State of Democracy in LGAs: Different strokes in Gombe

By Levinus Nwabughiogu

Democracy came to the grassroots in Gombe only on February 23, 2013 when the local government elections were conducted across the 11 council areas apparently because of public outcry against the apparent indecision of the Governor Ibrahim’s led administration on the issue.

Prior to then, the governor had turned deaf ear to the yearnings of the people for elected government at the grass roots.
He instead, maintained the system inherited from his predecessor, Senator Mohammed Danjuma Goje where care-taker committees constituted at the twilight of Goje’s in 2011 was used to run the local governments for upward 21 months.

According to sources, the care-taker committee chairmen were not given chance to execute projects. In fact, their mandate was to pay salaries of workers only and should any capital project be required, the council in question was expected to write a proposal to the governor through the commissioner for Local Government Affairs.

The process took time and sometimes and the proposals were often not attended to. That development obviously dislocated the people from the government. This was despite the fact that the state government embarked on construction and rehabilitation of some rural roads across the local governments.

Gov Dankwambo

Gov Dankwambo

But then, investigations by Vanguard revealed that there was more to the delay than could be peripherally discerned by an ordinary mind.

Alleged reasons for the delay of LG polls
Up and until the elections were conducted last February, Dankwambo had no political structures in the state. Notably, he rode on the back of the people and heavily relied on the political mastery of ex-Governor Goje who “bulldozed” his way in the 2011 gubernatorial elections for Dankwambo.

Dankwambo was a perceived godson of Goje and as a result, Goje donated all political structures in the ruling Peoples Democratic party (PDP) to him which felicitated his victory at the polls. But surprisingly, a face-off ensued between Goje and Dankwambo shortly after Dankwambo was sworn in as Governor on May 29, 2011.

Those who are in the know say that the new governor, in the light of the face-off, decided to conduct the election only when he felt that he had seized the structures from his predecessor and as such, curried the support of the stakeholders.
Similarly, the same reason was adduced by analysts to have delayed the formation of Gombe State Executive Council.

Another significant reason given by keen observers of political events in the state on why the elections were delayed was the political inexperience of Dankwambo. He was a career civil servant before his nomination for the office of governor having reached his career peak as Accountant-General of the Federation (AGF) before he was enrolled into politics by Goje in December 2010.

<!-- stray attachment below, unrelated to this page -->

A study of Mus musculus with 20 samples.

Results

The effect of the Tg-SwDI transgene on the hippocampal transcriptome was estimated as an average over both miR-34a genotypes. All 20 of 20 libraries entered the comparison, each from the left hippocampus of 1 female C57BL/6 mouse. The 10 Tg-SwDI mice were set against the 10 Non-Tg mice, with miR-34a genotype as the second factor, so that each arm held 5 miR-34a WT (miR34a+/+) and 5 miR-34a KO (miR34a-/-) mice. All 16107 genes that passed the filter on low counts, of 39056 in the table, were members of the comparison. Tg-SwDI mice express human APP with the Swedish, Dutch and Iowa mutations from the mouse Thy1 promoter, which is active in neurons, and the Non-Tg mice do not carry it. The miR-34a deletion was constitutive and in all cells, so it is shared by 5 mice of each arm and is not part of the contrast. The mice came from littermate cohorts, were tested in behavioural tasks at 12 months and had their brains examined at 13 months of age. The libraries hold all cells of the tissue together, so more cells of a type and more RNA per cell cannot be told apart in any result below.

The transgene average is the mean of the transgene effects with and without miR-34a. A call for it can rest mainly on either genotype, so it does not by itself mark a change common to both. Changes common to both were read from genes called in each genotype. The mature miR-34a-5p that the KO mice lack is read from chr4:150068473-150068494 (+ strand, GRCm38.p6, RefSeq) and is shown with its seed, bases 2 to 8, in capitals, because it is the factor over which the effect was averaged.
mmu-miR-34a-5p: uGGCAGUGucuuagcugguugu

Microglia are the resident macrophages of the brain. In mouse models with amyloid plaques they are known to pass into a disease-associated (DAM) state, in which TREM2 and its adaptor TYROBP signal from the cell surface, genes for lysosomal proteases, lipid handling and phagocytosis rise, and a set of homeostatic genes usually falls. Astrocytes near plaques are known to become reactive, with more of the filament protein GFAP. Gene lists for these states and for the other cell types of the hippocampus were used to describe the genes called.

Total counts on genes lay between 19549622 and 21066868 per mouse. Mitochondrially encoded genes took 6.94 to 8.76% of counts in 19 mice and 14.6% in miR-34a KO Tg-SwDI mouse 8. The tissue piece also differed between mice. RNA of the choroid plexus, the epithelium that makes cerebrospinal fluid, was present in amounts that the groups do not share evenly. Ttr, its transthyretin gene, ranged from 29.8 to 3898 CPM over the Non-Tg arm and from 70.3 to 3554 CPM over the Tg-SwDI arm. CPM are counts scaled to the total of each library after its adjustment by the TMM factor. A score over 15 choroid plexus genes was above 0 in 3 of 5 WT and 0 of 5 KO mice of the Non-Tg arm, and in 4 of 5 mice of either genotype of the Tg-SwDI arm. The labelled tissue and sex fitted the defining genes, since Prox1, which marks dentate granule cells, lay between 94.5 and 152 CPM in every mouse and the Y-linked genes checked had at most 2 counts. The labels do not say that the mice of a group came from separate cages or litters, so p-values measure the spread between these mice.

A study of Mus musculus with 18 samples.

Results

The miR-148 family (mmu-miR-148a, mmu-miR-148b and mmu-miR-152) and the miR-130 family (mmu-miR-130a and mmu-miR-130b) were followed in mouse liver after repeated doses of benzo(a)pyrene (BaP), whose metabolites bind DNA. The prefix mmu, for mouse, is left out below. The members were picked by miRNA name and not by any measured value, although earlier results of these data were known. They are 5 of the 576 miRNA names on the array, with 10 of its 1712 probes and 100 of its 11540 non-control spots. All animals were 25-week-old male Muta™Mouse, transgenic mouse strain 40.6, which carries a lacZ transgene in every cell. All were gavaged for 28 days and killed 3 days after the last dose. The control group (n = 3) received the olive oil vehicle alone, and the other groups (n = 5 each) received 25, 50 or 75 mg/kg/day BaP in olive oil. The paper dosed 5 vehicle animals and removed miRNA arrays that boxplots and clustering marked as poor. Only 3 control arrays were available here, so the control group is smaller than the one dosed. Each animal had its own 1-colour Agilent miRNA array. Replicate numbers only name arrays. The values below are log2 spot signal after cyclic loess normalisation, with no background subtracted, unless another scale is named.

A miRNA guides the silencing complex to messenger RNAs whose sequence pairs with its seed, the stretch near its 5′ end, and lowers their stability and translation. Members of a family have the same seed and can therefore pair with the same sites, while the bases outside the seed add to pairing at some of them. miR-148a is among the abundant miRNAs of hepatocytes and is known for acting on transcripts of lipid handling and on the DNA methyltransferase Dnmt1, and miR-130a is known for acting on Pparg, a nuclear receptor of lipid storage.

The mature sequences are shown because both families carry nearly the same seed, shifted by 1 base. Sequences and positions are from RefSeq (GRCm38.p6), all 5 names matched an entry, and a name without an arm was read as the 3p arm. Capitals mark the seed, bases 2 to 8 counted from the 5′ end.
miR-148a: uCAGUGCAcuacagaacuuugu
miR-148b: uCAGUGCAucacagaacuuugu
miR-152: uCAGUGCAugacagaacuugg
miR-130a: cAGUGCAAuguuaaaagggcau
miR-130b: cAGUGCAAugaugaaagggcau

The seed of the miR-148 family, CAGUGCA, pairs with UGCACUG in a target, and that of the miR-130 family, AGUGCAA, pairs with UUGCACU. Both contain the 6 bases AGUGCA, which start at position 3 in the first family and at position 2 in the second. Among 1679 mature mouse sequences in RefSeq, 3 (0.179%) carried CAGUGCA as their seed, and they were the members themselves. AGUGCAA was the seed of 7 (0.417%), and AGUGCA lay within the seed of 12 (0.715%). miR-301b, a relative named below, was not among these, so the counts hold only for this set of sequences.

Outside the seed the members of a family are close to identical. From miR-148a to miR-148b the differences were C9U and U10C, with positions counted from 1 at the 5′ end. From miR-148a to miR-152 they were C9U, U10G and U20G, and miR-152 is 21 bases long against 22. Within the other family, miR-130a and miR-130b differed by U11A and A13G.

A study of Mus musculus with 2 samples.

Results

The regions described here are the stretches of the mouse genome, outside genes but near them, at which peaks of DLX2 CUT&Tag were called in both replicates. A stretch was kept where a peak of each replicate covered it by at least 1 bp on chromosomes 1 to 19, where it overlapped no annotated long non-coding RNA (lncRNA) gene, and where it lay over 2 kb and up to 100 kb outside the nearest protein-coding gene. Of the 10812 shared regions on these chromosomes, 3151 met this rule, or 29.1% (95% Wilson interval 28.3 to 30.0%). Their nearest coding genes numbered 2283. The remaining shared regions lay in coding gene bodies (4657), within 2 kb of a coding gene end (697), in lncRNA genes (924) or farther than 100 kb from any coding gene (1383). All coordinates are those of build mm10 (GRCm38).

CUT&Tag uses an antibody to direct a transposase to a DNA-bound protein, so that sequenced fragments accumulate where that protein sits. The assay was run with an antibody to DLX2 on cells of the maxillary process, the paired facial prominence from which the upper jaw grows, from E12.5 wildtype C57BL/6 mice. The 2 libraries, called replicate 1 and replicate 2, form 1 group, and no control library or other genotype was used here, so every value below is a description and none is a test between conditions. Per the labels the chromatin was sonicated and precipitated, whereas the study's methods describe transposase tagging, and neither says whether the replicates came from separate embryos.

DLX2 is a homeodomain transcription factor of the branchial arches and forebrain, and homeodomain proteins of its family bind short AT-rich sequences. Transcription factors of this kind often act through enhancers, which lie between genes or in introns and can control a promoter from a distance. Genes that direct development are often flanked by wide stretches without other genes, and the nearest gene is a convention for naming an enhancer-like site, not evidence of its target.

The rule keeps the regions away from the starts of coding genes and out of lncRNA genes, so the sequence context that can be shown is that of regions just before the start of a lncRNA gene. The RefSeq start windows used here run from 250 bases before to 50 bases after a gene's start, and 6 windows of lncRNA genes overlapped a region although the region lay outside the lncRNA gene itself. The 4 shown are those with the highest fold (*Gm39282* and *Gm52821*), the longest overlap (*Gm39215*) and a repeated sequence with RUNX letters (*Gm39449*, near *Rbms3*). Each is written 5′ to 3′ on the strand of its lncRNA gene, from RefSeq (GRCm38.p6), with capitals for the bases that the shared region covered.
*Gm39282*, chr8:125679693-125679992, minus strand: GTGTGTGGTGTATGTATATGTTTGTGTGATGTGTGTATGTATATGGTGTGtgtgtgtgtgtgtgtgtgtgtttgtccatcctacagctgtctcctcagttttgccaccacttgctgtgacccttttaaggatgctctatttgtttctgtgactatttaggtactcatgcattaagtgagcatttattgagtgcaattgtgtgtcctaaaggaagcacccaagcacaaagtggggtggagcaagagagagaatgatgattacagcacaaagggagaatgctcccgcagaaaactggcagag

Sources say that he needed all the time to learn the robes before he could embark on any political mission such as the local government elections.

Election: One Party Affair
The local government election that took place on February 23 was entirely, a one party affair with the ruling Peoples Democratic Party, PDP having a field day. The PDP won the 11 chairmanship and 114 councillorship seats contested on that day.

In many places it was more of an affirmation as the party was virtually the only one on the ballot except in Kwami Local Government where the Congress for

Progressive Change (CPC) joined the battle. But even there, PDP won.

Reactions
Chairman of the CPC in the state, Barrister Audu Baba Kwami however rejected the results, saying “there were no elections in Gombe state but selection”. He later called for outright cancellation of the election.

Also, Dr. Garba Mohhamed Bajoga, a retired permanent secretary and opposition politician told Vanguard that it was a charade.

He said “Honestly, as far as we are concerned, democracy is about people and the beauty of democracy is where you have multi-party system. But whereby you now have only a single party controlling everything, it doest make for a democratic system. It looks like Nigeria is descending towards a one-party state and that is not healthy for democracy.

“Of course there are states that have not even conducted elections. It is unfortunate and that is exactly the kind of antics we don’t want because it looks like the state governments all over, not just one party, but every other party wants to control everything. It looks like you don’t want to conduct election so that you will have elected chairmen at the local government level.

But it is unfortunate that you now have people who are selected rather than elected into local governments. And these guys are easily controlled. And it doesn’t help the people.

”Definitely, there is no democracy at the grass root level. And even at the various levels of government like the houses of assembly, it looks like it is only one party that controls everything. Real democracy should be a rainbow where you see various colours. It gives variety and leave room for competition.”

The feelings
The feelings of the people now that the elections have held are mixed. There are people who are happy that at least there are elected chairmen in the local government areas. But there are still others who feel lost in the scheme of things. Such persons alleged that there is no visible departure from what used to be before the elections were conducted as they allege the election was done to fulfill all righteousness. They alleged that the state government still calls the shot at the grassroots, leaving both the people and the elected chairmen handicapped.